THE Department for Transport has agreed to provide financial help for Transport for London until next year, but the agreement has not been reached without a price. In the first of two essays, Sim Harris looks at the effect politicians can have on the business of running transport services.
‘I would rather have private ownership than nationalisation, if nationalisation means the conduct of public services by Government Departments’—Lord Reith, 17 June 1942
THE Mayor of London can breathe again. After a tense few days, it was announced on 1 November that the Department for Transport is to allow TfL a further £1.8 billion in a combination of grant and new borrowing. The new government support should keep TfL services running until March and follows an earlier funding settlement worth at least £1.6 billion, which had been used up.
But in the final weeks before the settlement, all kinds of stories circulated about the kind of concessions which were poised to be extracted from TfL in return. On 20 October, for example, the Financial Times had alleged: ‘Ministers have threatened to take direct control of Transport for London unless mayor Sadiq Khan accepts a package of measures including higher council tax, a much larger congestion charge zone and higher tube and bus fares.’
Some of these predictions proved to be correct. Fares are indeed going up, by RPI + 1 per cent, and a council tax increase is on the cards,
But it is the words ‘direct control’ which should raise eyebrows. It is true that the DfT appointed two representatives to join the Transport for London board back in July, but that was a long way from direct control. If that phrase is taken literally, it would drive a coach and horses through the provisions in the Transport (London) Act 1969, which broke up the London Transport Board and gave the Underground and Central Buses to the Greater London Council.
In those days there was no Mayor with executive powers, but even so it was a good (and early) example of devolution at work.
London Transport had existed in various forms since 1933, when it was created as a unified authority, known as the London Passenger Transport Board. In spite of many sources which claim otherwise, the LPTB was not nationalised – it was not owned by the state but by the holders of stock, which was allocated in the main to those transport firms and organisations which had been forced to surrender their operations to the LPTB under its Act of Parliament.
The situation changed in 1948, when the LPTB was nationalised and became the London Transport Executive of the British Transport Commission (whose Railway Executive took over the Big Four railway companies and combined them as British Railways).
When the BTC was abolished in 1963, its component parts mostly became separate Boards (the name of British Transport Police is the last reminder of the Commission). The new London Transport Board might have been owned by the state, but it was controlled by its chairman, board and senior officers. Its main connection with the Ministry of Transport was when it submitted its annual report to the Minister each year, but the MoT and LT were quite separate.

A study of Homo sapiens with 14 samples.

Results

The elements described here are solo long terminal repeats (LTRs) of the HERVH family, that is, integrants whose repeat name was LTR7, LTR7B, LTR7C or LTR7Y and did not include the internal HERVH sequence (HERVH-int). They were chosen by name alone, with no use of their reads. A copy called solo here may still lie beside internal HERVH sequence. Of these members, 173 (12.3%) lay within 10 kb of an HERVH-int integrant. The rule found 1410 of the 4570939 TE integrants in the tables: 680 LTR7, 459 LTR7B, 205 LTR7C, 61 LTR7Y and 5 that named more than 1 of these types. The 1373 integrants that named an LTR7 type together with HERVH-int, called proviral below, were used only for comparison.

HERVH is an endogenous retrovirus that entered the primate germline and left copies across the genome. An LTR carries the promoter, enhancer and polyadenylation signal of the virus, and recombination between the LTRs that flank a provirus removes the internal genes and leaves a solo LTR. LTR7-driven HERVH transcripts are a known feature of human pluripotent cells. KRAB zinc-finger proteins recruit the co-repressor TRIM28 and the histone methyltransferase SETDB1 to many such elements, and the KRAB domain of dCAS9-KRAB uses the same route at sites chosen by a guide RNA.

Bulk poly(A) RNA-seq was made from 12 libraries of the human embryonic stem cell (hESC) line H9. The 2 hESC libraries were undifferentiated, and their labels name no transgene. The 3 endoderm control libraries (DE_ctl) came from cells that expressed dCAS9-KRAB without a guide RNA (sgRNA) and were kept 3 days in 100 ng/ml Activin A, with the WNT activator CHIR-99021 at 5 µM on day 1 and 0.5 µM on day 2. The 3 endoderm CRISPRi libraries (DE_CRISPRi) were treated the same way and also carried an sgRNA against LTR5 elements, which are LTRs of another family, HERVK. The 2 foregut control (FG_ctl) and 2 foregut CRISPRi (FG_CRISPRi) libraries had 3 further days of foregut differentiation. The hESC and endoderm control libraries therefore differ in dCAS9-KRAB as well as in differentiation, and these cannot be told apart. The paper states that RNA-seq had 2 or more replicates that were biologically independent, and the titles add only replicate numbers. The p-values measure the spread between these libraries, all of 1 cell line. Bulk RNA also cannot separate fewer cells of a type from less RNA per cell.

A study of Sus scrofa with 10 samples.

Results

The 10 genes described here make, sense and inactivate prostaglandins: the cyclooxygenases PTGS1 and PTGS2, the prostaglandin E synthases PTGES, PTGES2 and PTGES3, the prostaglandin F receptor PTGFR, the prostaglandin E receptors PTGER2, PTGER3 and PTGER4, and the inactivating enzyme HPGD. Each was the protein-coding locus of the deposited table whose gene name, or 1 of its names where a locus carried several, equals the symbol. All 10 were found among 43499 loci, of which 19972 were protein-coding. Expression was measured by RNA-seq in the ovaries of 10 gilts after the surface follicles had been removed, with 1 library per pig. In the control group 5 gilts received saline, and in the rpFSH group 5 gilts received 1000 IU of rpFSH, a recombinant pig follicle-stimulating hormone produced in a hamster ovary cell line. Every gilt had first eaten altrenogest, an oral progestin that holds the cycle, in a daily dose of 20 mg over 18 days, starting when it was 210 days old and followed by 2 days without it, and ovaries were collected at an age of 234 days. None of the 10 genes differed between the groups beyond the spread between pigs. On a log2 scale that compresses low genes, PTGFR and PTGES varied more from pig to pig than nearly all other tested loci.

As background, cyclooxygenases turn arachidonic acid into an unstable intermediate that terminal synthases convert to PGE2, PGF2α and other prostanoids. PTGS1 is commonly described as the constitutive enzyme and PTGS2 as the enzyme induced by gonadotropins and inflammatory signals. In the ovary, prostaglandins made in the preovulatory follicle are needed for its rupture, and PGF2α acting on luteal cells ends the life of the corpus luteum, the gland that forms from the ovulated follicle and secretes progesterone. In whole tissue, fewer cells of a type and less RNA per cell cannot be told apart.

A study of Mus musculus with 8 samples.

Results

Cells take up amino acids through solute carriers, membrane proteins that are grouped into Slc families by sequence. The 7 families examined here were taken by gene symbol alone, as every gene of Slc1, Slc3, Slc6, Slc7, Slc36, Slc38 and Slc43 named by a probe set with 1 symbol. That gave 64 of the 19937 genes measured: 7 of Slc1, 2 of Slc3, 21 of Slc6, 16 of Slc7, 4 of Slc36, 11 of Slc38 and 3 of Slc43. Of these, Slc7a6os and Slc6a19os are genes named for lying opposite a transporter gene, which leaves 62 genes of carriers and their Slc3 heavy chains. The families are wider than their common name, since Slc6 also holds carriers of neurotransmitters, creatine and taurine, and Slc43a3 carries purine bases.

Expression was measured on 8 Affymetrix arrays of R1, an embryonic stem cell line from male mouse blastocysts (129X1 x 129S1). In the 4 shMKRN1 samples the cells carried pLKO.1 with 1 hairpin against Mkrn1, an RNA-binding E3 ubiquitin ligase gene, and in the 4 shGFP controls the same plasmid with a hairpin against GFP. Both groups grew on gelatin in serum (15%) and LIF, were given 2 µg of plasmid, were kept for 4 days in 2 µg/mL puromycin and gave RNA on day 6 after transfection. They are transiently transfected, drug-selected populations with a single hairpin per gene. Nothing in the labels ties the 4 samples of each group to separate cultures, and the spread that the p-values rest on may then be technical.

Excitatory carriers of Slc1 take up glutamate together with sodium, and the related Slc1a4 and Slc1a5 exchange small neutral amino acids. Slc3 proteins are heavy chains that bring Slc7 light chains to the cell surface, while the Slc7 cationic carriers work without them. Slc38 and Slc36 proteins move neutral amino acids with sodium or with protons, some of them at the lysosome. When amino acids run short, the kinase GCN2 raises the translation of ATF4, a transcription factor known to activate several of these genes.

And so to 1970, when the LTB was again transformed by becoming a London Transport Executive for a second time, except that it was now an Executive of the Greater London Council. (The LTB’s country buses and coaches were hived off to the recently-formed National Bus Company, apparently because LT’s former Country Area, which included places like Stevenage and Slough, was well outside the Greater London Council’s territory.)
The politicians had gained control at last.
The GLC was usually a Labour-controlled authority, and when the national government was Conservative it was a cue for the storm clouds to gather.
The storm duly broke in 1981, when Labour promised in the GLC election that it would subsidise the fares on London Transport and also British Rail routes in Greater London.
Labour won the election under a ‘moderate’ leader, Andrew McIntosh, but immediately after winning control he was replaced by Ken Livingstone, who – fairly or otherwise – gained the nickname ‘Red Ken’.
Fares on LT were accordingly cut by a third, although the Conservative government (led by Margaret Thatcher) refused to allow BR services to be subsidised.
Known as ‘Fares Fair’, the discounts were accompanied by the introduction of a system of zones which has survived, with some later amendments, to this day.
The Labour-controlled GLC had already been confronted (and defeated) by a Conservative government over British Rail fares, and it was about to have a second conflict with a Conservative London Borough.
In late 1981 the London Borough of Bromley challenged the legality of ‘Fares Fair’, on the grounds that although rates had gone up throughout London to pay for it, the ratepayers of Bromley were being forced to subsidise the fares on an Underground system which did not serve the borough.
Bromley won its case in court, with the result that fares had to be increased to levels where they paid all the costs of running the system. The resulting fares were higher than they had been before ‘Fares Fair’, and passenger figures fell.
Political differences were now having direct effects on London Transport and its passengers, and this would only be the start.
(to be concluded next Monday)
The latest print edition of Railnews, RN285, was published on 5 November. The new edition and some previous issues can be obtained by calling 01438 281200 from UK numbers or +44 1438 281200 internationally, and selecting Option 2.